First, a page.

PHOENIX -- Yadiel Rivera's first telephone call was to his dad, Jorge, a retired policeman in Puerto Rico. Colin Walsh, meanwhile, was on the line with his mom.The Brewers' infielders had just been given the news every young player longs for: Rivera and Walsh will be on a Major League
PHOENIX -- Yadiel Rivera's first telephone call was to his dad, Jorge, a retired policeman in Puerto Rico. Colin Walsh, meanwhile, was on the line with his mom.
The Brewers' infielders had just been given the news every young player longs for: Rivera and Walsh will be on a Major League roster for Opening Day. They got the news on Tuesday morning when the Brewers set their infield by picking the versatile, slick-fielding Rivera and Rule 5 Draft pick Walsh over the other infield competitor remaining in camp, Hernan Perez.
"I was shipping my car today regardless, just hoping for the best," said Walsh, whose family will be on hand at Miller Park for Monday's opener against the Giants.
"It's a dream to go on the field for Opening Day," said Rivera, who will be the backup to starting shortstop Jonathan Villar. "They say your name and you're on the line with your teammates. That's the best feeling."
Rivera and Walsh join a growing list of Brewers in line for their first Major League Opening Day. Right fielder Domingo Santana, starter Taylor Jungmann, reliever Corey Knebel and outfielder Ramon Flores will experience the same thrill. Pitchers Ariel Pena and Tyler Cravy as well as outfielder Keon Broxton remain active in camp with the hope of making the cut themselves.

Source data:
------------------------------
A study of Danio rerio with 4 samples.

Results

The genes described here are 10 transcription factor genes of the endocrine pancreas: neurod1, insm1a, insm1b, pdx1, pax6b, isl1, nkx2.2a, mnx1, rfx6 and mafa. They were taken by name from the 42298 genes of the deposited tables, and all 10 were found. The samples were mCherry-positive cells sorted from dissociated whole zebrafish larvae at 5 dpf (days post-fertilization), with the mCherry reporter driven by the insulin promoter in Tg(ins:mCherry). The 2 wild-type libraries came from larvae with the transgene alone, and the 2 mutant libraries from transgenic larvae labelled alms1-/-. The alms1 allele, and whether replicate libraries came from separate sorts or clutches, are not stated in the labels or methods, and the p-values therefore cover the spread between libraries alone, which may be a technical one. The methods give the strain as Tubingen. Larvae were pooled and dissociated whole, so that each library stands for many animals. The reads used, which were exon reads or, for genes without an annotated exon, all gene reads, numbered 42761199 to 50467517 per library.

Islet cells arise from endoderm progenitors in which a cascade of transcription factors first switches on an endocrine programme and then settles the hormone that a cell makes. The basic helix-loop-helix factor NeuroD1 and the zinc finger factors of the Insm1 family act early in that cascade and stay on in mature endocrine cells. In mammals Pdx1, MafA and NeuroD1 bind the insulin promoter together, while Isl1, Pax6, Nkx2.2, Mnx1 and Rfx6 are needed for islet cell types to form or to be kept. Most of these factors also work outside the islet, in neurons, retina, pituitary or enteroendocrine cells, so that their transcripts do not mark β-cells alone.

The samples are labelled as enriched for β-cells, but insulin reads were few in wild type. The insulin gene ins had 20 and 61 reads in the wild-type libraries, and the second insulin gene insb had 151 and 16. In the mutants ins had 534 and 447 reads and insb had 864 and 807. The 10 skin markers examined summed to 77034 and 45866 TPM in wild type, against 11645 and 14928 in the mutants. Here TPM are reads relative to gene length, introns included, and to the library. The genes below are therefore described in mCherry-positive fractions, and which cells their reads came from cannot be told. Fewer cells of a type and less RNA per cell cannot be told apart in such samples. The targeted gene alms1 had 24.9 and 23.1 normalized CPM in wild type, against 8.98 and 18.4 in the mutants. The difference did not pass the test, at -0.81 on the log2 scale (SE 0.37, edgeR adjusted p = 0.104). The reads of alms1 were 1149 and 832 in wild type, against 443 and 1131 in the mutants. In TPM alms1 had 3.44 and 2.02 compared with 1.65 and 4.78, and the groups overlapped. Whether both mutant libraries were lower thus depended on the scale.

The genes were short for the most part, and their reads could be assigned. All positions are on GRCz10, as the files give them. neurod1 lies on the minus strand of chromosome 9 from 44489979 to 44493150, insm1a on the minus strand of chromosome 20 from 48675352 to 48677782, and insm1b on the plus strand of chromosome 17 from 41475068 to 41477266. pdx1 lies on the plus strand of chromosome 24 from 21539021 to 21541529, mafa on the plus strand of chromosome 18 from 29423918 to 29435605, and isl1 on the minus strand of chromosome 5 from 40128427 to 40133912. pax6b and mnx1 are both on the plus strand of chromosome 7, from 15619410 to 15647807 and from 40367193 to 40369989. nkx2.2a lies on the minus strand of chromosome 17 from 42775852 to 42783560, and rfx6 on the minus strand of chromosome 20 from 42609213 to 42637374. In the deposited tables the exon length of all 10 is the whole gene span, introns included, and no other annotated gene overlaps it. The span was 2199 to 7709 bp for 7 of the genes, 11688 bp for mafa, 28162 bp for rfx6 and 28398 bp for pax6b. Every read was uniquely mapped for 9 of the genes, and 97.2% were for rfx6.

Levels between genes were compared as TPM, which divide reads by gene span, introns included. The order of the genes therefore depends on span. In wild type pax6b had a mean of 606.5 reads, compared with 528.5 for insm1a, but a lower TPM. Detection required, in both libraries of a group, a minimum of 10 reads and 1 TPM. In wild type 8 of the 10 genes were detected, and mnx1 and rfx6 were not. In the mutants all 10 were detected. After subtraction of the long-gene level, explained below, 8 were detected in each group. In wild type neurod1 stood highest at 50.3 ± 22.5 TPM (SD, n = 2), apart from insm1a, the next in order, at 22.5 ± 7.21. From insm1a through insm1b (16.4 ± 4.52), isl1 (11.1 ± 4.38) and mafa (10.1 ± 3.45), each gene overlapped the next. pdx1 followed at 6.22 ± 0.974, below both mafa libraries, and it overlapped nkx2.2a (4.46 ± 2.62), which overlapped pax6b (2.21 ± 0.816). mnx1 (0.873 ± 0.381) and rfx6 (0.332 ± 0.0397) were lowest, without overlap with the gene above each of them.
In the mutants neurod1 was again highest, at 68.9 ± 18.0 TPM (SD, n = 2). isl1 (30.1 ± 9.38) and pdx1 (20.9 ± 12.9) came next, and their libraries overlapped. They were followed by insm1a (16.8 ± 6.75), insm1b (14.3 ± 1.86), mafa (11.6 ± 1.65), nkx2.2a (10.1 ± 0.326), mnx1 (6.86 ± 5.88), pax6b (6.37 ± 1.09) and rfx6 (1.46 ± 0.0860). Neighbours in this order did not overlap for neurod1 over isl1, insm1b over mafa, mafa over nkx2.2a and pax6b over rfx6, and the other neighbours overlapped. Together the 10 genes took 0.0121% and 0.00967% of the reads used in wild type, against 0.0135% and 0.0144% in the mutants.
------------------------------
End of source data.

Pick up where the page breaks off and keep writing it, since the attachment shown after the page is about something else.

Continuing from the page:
Walsh's tryout is not over. As a Rule 5 Draft pick, he must remain on the Brewers' active roster all season or be offered back to the A's. The 26-year-old, a second baseman known not for his glove but instead a knack for getting on base (.447 on-base percentage at Double-A last season), will serve as a backup to Scooter Gennett at second base and Aaron Hill at third.
"With Rule 5 picks, there's a reason they're not protected [by their former team], so there's something you have to find out about them," manager Craig Counsell said. "In Colin's case, we feel like there's something there for us to work with. I think his offensive approach has really continued what he showed in the Minor Leagues."
Counsell wouldn't commit to either Rivera, a right-handed hitter, or Walsh, a switch-hitter, as the primary platoon partner for left-handed-hitting Gennett.
The Brewers will continue working with Walsh on his defense.
"It's funny, because it's been a month, and I wouldn't say 'stressful,' but it's been a five-week tryout," Walsh said. "Now, the actual test begins. It's kind of funny that it's just the beginning of something. I will definitely take a moment to enjoy it, for sure, but it's not like I'm done now. Now, the 162 games start, and I want to prove I belong, so I can stay up there for years, not just one Opening Day."
"Yadiel just got a huge smile on his face, and Colin Walsh, I think, wanted to jump up and down and scream, but he didn't," Counsell said. "Those were good conversations."
According to Counsell, the Brewers will not make decisions on the final bullpen spot and two outfield spots before departing Arizona on Wednesday evening. Cravy and Pena are the in-house candidates for the bullpen job, while Broxton, Kirk Nieuwenhuis and Alex Presley await their fates in the outfield. An outside acquisition is equally possible at each position as other teams pare their rosters ahead of Opening Day.
Adam McCalvy is a reporter for MLB.com. Follow him on Twitter @AdamMcCalvy, like him on Facebook and listen to his podcast.